U.S. judge denies request to revoke Madoff's bail-Jan 12,2009
U.S. judge denies request to revoke Madoff's bail
By Diana B. Henriques Published: January 12, 2009

NEW YORK: A U.S. magistrate on Monday refused a government request that Bernard Madoff be jailed until he could be tried on charges of operating a $50 billion Ponzi scheme, saying that the government had not proved that he was a flight risk or a security risk.

The ruling, by Magistrate Judge Ronald Ellis, allows Madoff to remain in his New York apartment, wearing an electronic monitor and being watched around the clock by a security team paid for by his wife.

Prosecutors had asked the court to revoke Madoff's $10 million bail, secured by various family homes held in his wife's name, after he violated a court-ordered asset freeze by mailing out roughly $1 million in expensive watches and jewelry to family and friends on Christmas Eve.

"The decision speaks for itself, and we intend to comply with all the conditions of his bail," Ira Lee Sorkin, a lawyer for Madoff, said after the ruling was released. "But we have no comment with respect to its impact on his day-to-day life."

The judge did place additional restrictions on the bail requirements, many of which had already been imposed by Judge Louis Stanton of U.S. District Court, who is handling the civil suit against Madoff.


"The court finds that the government has failed to meet its burden to either ground," the ruling said.

Included in the restrictions is one that bars Madoff from transferring any assets. Madoff's wife, Ruth, must also comply with restrictions on the transfer of assets.

In addition, the ruling said Madoff must compile an inventory of all "valuable portable items" in his New York apartment and give it to the government. A security company approved by the government must check the inventory every two weeks, the judge said. Madoff and the government must agree within a week on a threshold value of the items that must be declared.

The security company will also be required to examine all outgoing mail to assure that no property has been transferred.

Madoff was charged last month with securities fraud but has remained free since posting bail.

So far, Madoff has not been indicted, but he has been charged in a criminal complaint with a single count of securities fraud. Typically, such complaints contain fewer details about the crime than a formal indictment does.

Under U.S. government court rules, Monday would have been the deadline for the prosecution to indict Madoff or submit to a preliminary hearing to explain to a judge why a formal indictment had not yet been issued. On Friday, lawyers for Madoff agreed to a 30-day extension of that deadline.

Prosecutors first went to court last week to have Madoff's bail revoked for violating its terms, one of which was a requirement not to dispose of any assets.

Prosecutors said that Madoff and his wife sent at least $1 million worth of jewelry as gifts to family members and friends. In addition, prosecutors said, Madoff had plans to transfer $200 million to $300 million of investors' money to family members and friends. When the authorities searched Madoff's office desk, they found $173 million in signed checks ready to be sent off.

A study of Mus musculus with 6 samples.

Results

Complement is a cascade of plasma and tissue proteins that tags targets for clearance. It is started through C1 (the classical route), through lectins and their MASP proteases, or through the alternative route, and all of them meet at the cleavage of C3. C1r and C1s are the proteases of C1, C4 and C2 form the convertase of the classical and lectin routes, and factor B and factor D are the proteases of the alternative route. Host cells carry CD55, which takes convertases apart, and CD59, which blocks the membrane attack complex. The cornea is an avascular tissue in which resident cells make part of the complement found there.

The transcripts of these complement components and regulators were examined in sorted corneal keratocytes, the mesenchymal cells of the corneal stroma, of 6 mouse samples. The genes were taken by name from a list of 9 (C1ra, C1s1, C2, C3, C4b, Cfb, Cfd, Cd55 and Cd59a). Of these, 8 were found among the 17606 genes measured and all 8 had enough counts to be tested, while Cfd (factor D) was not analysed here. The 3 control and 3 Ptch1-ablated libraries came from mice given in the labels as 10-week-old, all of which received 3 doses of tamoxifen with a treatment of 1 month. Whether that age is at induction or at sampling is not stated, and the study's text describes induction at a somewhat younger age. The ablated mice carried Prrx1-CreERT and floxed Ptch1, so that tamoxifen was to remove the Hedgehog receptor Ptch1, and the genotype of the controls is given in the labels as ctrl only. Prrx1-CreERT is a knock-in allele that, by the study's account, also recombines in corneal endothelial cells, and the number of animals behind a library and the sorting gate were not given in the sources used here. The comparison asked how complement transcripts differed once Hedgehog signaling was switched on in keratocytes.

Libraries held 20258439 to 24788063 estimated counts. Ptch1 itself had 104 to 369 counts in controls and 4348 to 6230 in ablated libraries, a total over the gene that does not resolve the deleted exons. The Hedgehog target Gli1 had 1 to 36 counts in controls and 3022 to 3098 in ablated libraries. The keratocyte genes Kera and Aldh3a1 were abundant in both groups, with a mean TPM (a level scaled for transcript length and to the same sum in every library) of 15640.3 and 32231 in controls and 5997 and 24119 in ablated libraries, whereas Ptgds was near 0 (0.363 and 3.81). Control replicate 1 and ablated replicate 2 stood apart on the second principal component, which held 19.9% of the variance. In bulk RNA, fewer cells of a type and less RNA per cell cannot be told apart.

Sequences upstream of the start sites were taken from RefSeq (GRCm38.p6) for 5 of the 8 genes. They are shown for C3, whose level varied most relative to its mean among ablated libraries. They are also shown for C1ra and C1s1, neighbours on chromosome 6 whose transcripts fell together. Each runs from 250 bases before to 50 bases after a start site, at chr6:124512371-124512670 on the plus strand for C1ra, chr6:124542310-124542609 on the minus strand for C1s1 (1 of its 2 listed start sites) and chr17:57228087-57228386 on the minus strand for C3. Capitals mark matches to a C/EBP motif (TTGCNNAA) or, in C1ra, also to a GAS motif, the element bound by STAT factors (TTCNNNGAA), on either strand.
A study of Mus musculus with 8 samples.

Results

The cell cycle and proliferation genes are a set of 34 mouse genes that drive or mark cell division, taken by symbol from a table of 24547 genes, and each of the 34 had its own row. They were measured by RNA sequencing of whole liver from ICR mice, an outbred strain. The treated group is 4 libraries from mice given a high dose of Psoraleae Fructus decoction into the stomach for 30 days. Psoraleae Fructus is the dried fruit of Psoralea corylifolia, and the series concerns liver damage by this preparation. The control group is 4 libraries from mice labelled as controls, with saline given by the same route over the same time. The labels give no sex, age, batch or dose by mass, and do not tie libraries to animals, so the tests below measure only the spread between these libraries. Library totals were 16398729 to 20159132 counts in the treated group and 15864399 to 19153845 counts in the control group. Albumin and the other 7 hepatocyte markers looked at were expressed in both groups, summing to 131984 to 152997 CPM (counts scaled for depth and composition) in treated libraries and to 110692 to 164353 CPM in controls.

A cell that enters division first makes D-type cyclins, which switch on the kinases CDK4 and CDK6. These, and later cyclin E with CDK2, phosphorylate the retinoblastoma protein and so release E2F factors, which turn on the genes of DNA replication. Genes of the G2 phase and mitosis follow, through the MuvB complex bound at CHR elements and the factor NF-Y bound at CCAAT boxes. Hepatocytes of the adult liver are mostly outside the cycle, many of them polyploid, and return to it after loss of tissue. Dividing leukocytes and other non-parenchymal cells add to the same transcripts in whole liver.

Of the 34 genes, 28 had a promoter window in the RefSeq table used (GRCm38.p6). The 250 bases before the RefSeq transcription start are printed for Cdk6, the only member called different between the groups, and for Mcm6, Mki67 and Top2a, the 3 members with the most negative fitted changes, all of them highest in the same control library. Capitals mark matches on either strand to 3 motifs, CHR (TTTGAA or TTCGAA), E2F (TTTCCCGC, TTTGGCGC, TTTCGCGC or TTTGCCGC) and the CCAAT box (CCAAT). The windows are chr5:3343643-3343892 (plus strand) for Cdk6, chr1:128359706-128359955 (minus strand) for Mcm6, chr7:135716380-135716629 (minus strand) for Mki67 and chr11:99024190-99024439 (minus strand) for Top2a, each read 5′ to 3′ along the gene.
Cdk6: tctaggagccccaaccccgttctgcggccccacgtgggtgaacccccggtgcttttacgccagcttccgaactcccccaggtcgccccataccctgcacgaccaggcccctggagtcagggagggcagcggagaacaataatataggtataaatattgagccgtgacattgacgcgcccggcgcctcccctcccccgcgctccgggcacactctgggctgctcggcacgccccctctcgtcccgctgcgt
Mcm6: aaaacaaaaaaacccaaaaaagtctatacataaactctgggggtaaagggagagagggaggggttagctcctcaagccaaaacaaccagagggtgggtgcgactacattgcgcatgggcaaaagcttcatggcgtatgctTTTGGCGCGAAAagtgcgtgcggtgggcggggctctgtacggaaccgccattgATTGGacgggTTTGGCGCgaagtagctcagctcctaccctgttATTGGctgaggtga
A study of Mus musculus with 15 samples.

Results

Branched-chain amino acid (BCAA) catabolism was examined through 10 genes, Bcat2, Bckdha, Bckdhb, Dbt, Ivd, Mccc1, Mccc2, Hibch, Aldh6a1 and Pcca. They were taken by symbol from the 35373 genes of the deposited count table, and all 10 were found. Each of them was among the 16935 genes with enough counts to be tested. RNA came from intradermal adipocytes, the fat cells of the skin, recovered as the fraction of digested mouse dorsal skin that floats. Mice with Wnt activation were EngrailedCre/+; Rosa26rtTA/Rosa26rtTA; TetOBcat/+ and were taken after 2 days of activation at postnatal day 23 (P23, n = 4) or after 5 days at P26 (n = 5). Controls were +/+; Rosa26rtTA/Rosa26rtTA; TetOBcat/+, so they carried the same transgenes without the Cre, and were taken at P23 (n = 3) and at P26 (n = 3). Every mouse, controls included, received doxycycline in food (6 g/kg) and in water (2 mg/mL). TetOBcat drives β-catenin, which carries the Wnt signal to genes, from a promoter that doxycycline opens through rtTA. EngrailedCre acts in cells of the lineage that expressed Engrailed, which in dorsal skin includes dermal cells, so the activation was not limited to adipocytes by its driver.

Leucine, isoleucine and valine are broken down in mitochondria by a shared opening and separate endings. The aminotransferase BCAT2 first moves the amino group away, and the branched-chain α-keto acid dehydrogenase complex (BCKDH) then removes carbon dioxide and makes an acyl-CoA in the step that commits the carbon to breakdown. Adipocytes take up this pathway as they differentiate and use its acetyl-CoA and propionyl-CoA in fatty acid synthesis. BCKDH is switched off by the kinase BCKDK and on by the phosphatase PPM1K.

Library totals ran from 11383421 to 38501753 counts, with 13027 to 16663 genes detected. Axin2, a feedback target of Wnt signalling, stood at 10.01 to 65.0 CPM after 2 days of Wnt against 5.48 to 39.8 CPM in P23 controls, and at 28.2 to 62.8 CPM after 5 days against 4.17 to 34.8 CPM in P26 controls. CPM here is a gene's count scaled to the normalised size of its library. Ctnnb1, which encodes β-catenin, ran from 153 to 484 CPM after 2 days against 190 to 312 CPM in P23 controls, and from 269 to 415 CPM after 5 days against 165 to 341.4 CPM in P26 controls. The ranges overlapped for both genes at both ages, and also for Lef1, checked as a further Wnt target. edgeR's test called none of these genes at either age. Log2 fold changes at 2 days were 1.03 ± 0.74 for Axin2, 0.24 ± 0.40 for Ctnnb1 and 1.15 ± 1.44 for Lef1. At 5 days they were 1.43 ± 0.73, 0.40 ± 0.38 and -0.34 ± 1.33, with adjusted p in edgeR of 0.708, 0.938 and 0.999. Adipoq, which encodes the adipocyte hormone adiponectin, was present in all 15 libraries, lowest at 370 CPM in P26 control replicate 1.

The packages Madoff sent, prosecutors said, contained 13 watches, four diamond brooches, a jade necklace, two sets of cufflinks and other jewelry. Most of the sent items have been recovered.

Sorkin and Daniel Horwitz, who represent Madoff, have argued that jailing him would be unfair and wrong. In addition, they said that Madoff was too widely known at this point, and too disliked, to get very far in any effort to flee.

Madoff's lawyers characterized the jewelry he sent as "a few sentimental personal items." The couple's decision to mail it, they said, was an honest mistake.

"Mr. Madoff gathered a number of watches that he had collected over the course of years, knowing that, due to the sudden change in his circumstances, he would never have an occasion to wear these watches again. To Mr. and Mrs. Madoff, the value of these items was purely sentimental," the lawyers wrote.

In asking to revoke the bail at a hearing a week ago, Marc Litt, an assistant U.S. attorney, said: "The case against the defendant is strong and it continues to grow stronger as the government's investigation continues.
"Given the defendant's age, the length of the likely sentence, the strength of the proof against the defendant, including his confessions, these facts present a clear risk of flight."

Madoff told FBI agents last month that he had overseen a financial fraud that he estimated had cost investors as much as $50 billion, according to the criminal complaint filed in U.S. District Court in the Manhattan borough of New York. The fraud was continuing just days before Madoff confessed it to the FBI, according to a lawsuit filed by a New York company that has claimed that Madoff took $10 million from it on Dec. 5.

A government-appointed receiver has now taken over his firm. Last week, the trustee overseeing the liquidation of Madoff's firm sent 8,000 claim forms to people who may have invested with Madoff, asking them to detail what they believe they are owed.

Benjamin Weiser contributed reporting.